Poster Paper: Multi-Jurisdictional Facilities and Revenue Sharing In Georgia Local Governments

Saturday, November 10, 2012 : 12:00 PM
Liberty A & B (Sheraton Baltimore City Center Hotel)

*Names in bold indicate Presenter

Tyler Reinagel and Justin Stritch, University of Georgia

Local jurisdictions have faced increasing challenges in building and maintaining their public infrastructure, particularly when it comes to parks, recreational facilities, community centers, libraries, and community facilities. Rapid growth in Georgia over the last twelve years has dramatically altered the needs and demands of residents. As a result, local leaders have been forced to evaluate their management techniques of service delivery to ensure the most effective and efficient methods possible. In many instances, this has necessitated intergovernmental relationships and a pooling of available resources for the “greater good” of multiple jurisdictions’ residents. Engaging in these relationships is an almost wholly voluntary undertaking, based largely on the leadership structure and the values held by local leadership.

From a multi-jurisdictional revenue perspective, local governments in Georgia have a funding mechanism that assesses a one percent local option sales tax (LOST), approved by referendum at the county level and, distributed at a negotiated rate between the county and qualified city governments. The distribution is not based on a strict formula but rather is a negotiated rate reported to the Georgia Department of Revenue at a series of trigger points, including the decennial census.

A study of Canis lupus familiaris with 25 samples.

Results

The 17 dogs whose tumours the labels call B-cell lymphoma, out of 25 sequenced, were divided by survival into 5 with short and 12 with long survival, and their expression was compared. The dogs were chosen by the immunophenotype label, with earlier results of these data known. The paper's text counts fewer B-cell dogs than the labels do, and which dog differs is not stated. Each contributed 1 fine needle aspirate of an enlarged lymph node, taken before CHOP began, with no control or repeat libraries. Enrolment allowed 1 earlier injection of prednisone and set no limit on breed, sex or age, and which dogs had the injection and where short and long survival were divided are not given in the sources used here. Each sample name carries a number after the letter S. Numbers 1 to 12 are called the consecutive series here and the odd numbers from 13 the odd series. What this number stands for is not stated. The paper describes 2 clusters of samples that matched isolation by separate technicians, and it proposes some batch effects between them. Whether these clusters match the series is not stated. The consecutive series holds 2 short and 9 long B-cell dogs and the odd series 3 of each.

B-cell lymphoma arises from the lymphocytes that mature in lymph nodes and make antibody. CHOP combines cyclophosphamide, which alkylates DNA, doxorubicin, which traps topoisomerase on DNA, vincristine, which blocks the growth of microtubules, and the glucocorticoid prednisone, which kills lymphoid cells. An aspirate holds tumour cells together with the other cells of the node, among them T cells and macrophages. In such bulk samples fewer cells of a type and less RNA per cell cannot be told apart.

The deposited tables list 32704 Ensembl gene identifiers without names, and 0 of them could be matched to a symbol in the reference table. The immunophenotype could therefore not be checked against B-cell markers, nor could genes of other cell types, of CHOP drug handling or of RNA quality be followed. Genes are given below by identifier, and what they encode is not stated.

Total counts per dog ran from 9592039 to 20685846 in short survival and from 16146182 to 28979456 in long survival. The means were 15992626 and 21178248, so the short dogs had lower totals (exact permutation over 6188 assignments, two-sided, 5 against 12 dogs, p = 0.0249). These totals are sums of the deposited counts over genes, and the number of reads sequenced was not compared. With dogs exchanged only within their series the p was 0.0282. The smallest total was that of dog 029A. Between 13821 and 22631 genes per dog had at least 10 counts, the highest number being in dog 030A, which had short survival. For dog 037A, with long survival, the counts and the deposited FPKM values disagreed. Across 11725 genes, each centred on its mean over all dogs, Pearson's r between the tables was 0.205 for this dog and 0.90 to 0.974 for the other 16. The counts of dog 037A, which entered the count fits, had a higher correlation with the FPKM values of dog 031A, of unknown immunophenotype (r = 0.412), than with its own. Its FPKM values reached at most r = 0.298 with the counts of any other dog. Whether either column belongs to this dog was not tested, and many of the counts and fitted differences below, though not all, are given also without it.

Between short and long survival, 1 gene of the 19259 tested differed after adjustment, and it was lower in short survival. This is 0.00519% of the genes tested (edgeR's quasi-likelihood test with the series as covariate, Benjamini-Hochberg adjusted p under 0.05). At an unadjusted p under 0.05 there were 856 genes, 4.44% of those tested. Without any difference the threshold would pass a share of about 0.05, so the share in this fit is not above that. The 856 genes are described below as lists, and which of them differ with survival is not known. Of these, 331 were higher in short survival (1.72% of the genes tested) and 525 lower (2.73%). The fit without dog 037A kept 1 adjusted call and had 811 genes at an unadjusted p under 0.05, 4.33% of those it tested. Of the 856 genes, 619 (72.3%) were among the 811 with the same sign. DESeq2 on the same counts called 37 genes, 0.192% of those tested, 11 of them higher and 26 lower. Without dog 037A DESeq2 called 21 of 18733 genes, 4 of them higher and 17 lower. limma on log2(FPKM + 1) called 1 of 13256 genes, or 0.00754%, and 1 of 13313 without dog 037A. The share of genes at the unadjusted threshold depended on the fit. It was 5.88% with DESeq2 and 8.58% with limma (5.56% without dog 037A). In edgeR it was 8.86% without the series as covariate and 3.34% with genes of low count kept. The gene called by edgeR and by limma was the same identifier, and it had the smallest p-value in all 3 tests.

This paper will analyze the relationship between these voluntary regional facility relationships and the forced revenue sharing relationships that exist in each of Georgia’s counties. Because of the voluntary nature of the facility (expenditure) relationship, principles of inter-jurisdictional competition and the Tiebout theory (1956) regarding resident mobility are important considerations. It use data gathered annually by the Georgia Department of Community Affairs and LOST revenue sharing data collected by the Georgia Department of Revenue to assess the total amount, proportion, and per capita receipts for local jurisdictions. In addition to these state level data, Census data will be used to consider the demographic and socio-economic relationships between the jurisdictions.

From 1999 to 2011, the participation rate of counties in these voluntary regional facility relationships rose 64 percent.  Likewise, the participation rate of cities rose 54 percent over the same period.  This research will look specifically at measures of revenue sharing (namely per capita receipts from county sales and use tax revenue) as predictors of likelihood to engage in regional/multi-jurisdictional public facility construction and management.  The paper will use a negative binomial regression to determine the effect that LOST revenue sharing has on the likelihood of engagement in regional/jurisdiction facility construction and management.